SCOTCH MALT whisky cream liqueur, Magnum, has won its first international gold medal as part of the global Liqueur Masters competition 2020.
Magnum won the gold medal for quality in the ‘Cream’ category and was the only Scottish liqueur to be featured in this year’s competition.
The brand is the only cream liqueur made in Scotland using only single malt Scotch whisky from Speyside rather than Irish whiskey used in Baileys.
Crafted and bottled in Edinburgh, Magnum is said to be Scotland’s answer to Baileys amongst people who are attracted to its delicious taste and Scottish provenance.
Hosted by The Spirits Business, The Liqueur Masters is an annual drive to find and reward the finest Craft Spirits brands on the world stage and assessed by a panel of leading spirits specialists.
The virtual tasting took place over Skype from the judges’ UK homes, including Melita Kiely, editor of The Spirits Business, and Tobias Gorn, spirits specialist, consultant and writer.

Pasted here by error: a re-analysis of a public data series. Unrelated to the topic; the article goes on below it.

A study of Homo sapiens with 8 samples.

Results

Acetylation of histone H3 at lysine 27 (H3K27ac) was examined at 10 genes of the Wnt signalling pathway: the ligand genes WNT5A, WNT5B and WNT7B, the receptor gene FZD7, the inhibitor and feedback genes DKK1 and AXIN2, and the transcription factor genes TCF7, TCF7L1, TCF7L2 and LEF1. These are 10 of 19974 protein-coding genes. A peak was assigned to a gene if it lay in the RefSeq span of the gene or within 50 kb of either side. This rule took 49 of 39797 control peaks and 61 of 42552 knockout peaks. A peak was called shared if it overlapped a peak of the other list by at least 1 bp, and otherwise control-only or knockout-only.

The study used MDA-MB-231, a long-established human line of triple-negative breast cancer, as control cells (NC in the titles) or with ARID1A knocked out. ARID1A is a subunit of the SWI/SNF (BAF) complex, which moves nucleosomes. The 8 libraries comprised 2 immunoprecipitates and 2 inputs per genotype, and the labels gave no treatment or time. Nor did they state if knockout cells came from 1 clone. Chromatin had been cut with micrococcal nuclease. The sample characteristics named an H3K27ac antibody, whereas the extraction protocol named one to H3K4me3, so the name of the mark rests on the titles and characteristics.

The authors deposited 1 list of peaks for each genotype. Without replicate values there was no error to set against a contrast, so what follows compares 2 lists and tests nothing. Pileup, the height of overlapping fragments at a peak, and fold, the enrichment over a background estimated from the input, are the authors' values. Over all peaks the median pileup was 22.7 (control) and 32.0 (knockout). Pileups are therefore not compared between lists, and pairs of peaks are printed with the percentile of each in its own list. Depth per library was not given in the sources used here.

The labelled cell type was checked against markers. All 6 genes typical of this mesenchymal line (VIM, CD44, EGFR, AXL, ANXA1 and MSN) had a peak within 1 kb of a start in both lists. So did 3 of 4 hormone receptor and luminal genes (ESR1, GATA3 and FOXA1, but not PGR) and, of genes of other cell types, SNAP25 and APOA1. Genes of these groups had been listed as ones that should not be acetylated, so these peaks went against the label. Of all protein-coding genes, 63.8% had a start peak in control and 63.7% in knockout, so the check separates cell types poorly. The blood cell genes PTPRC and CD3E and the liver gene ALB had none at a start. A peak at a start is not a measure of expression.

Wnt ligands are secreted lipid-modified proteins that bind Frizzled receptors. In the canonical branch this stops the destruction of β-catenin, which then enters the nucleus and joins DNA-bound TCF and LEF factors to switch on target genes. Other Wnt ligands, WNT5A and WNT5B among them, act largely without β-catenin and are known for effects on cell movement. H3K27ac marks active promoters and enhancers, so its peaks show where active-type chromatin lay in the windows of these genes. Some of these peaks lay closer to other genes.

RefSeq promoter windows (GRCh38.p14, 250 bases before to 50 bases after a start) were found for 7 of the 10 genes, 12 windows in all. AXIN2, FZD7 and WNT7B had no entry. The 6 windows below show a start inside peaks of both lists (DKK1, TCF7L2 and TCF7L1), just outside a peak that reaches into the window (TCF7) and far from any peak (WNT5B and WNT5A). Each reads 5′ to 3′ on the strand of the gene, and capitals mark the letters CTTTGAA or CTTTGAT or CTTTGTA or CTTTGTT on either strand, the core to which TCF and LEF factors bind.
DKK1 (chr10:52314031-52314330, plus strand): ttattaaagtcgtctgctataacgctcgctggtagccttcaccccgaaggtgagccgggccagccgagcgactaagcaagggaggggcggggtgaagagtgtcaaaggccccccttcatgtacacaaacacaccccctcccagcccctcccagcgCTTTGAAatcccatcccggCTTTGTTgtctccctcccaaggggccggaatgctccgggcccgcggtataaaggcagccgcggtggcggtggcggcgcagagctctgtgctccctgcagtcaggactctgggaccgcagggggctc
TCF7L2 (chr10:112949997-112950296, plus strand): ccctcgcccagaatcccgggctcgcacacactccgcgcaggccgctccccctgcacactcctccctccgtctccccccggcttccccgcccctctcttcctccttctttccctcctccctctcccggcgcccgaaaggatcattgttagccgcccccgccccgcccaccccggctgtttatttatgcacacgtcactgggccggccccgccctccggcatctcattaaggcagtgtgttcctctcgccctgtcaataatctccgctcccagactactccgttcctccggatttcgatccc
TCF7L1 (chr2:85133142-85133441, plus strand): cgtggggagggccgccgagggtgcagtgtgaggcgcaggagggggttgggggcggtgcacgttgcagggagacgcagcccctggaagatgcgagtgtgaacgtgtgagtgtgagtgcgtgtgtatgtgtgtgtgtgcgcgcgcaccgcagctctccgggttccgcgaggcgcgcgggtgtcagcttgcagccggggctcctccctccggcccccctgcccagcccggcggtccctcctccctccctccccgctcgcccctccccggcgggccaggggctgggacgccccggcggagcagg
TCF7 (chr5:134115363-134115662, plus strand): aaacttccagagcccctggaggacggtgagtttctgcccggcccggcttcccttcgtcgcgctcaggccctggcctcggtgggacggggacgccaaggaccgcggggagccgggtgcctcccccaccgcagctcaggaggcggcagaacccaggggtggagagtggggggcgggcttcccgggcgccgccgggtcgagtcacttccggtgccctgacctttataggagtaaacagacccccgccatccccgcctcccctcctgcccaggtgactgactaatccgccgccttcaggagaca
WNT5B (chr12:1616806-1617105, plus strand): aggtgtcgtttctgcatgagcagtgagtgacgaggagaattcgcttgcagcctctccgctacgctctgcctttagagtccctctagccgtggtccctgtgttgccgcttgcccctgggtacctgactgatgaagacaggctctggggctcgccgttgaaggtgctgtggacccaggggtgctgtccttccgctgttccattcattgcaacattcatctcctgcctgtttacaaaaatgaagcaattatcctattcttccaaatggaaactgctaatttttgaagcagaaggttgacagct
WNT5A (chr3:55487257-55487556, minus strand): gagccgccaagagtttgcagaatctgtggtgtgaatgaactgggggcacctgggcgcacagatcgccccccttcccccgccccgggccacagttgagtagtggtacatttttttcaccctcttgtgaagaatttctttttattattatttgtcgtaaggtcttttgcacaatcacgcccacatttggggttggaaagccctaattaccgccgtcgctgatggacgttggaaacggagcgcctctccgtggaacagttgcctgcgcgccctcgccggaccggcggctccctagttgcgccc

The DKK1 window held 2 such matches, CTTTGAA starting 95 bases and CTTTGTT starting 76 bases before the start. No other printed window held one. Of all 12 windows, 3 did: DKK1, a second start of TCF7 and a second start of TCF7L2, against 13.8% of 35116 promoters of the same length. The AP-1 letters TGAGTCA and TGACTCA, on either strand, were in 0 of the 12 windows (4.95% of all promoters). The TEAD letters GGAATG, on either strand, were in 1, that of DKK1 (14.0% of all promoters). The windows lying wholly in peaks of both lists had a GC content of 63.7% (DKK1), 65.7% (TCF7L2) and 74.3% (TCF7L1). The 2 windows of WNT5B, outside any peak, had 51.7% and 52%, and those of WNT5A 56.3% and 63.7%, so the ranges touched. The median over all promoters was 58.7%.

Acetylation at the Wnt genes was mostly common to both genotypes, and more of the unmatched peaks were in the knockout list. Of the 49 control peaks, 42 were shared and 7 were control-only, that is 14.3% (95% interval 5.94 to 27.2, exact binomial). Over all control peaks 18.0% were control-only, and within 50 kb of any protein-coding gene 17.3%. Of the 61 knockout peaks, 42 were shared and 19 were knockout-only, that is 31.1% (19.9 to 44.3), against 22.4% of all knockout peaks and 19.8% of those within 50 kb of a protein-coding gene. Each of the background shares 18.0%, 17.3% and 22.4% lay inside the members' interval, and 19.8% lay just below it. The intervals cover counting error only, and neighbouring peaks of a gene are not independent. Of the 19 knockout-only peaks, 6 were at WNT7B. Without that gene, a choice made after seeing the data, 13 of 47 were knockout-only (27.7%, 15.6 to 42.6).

Magnum’s ingredients and design helped set it apart from traditional liqueurs as a fusion of only single malt Scotch whisky and cream.
Magnum is contained in a stainless steel flask, which is designed to be reusable and recyclable.
The packaging also keeps the liqueur chilled at the optimum temperature, without the need for ice.
Commenting on Magnum’s gold award success in the Spirits Business, Magnum Director, Lee Schofield, said: “We’re absolutely over the moon to have won our first international gold medal and be the only Scottish brand to be featured as part of The Liqueur Masters 2020.
“It’s clear that the judges and cream liqueurs fans can’t get enough of Magnum’s delicious taste and Scottish provenance. Crafted and bottled in Edinburgh, Magnum is now the only cream liqueur made in Scotland using only single malt Scotch whisky from Speyside.
“Despite the pandemic, Magnum has gone from strength to strength this year. We’re already setting our sights on growing distribution and volume in Ontario, Canada, and plan to launch Magnum in the Canadian provinces of British Columbia, Alberta and Quebec, as well as in South Africa.”